What to invest in and how to invest are often discussed at length. So, why not go a step further and examine why investing is considered a good use of money in the first place?
The truth is, we are not programmed to invest. Like many other things in life (“Come inside or you will catch a cold”, “you have to train if you want to become an athlete”, “you have to study if you want a job one day”) investing means sacrificing immediate enjoyment in exchange for potential benefits in the future. There are two go-to reasons that most investment professionals present for your consideration. There is a third reason worth considering (ah, the suspense!) but let’s first review what common wisdom dictates.
Reason 1: A smarter way to achieve goals
Google “why invest?” and you’ll probably come across one of these two statements:
“Invest to grow your wealth over time and reach future objectives”
“Compound interest makes your money work for you”.
These are the two mantras of any respectable financial institution, and they pretty much say it all. To accomplish some objectives, you probably need more money than you currently possess. By investing the money in your savings account that you don’t need urgently, you could achieve these goals. Does it work? It depends where you invest your money, but on average yes (we’ll also see later as well that averages are not always something we should trust).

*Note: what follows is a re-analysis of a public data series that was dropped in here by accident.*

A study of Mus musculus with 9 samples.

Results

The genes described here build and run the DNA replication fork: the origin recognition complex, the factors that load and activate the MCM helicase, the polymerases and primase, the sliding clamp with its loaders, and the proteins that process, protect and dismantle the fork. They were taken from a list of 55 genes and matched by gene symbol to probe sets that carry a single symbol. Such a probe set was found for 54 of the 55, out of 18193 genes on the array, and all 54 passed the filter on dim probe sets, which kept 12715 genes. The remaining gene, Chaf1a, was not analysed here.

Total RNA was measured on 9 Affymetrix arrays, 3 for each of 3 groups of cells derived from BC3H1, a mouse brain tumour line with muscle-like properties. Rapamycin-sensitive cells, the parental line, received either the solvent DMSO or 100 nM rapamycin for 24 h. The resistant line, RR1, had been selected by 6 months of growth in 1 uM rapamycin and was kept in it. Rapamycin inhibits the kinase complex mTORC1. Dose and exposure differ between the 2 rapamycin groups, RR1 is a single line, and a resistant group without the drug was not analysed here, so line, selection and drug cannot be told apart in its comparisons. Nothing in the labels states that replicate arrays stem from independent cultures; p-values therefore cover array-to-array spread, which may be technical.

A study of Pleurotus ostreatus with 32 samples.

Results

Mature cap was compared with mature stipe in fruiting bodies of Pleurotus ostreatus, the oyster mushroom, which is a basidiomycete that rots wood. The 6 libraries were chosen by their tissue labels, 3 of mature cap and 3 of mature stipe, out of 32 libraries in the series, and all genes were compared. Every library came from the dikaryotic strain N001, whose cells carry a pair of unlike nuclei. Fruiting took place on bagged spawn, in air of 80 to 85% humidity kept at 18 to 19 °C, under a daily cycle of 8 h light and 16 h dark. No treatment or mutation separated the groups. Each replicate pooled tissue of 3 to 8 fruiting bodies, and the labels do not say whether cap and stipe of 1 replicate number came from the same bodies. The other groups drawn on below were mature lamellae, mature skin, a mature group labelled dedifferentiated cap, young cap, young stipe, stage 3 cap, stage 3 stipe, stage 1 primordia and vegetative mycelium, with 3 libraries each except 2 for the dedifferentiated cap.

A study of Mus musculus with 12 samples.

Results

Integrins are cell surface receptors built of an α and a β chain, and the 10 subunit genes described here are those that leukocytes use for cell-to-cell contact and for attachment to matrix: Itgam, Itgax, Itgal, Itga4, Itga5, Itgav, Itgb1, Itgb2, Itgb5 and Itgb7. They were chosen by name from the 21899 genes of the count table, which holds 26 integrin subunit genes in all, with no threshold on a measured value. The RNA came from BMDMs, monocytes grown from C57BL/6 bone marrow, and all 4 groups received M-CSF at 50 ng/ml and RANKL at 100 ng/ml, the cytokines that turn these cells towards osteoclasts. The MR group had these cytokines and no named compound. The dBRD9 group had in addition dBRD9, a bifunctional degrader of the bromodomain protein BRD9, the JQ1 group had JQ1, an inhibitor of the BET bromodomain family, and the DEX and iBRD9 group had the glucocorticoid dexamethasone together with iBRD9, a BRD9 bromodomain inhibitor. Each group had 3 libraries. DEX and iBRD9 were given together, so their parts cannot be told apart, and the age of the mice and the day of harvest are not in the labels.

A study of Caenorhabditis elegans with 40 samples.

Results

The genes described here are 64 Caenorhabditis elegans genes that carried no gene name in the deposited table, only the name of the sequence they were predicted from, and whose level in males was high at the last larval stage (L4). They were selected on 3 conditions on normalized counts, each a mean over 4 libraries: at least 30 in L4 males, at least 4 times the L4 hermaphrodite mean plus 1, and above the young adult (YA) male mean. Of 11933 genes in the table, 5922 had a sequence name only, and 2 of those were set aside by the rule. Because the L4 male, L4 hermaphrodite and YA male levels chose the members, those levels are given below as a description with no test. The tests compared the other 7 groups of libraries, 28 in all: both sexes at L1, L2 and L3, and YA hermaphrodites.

Building on Compounding Returns
One advantage of investing is that if you get it right – your money benefits from the snowballing effect of compounding, the primary mechanism behind investing.
Financial advisors often run this sort of simulation to illustrate compounding: invest 100,000 CHF today and let it grow at an annual rate of 5% (a magical number in the financial industry) and in 15 years you will end up with almost double the initial amount. 207,893 CHF to be precise (chart 2). We just need to find the magical investment to generate that 5% for the next 15 years, but that’s a different story.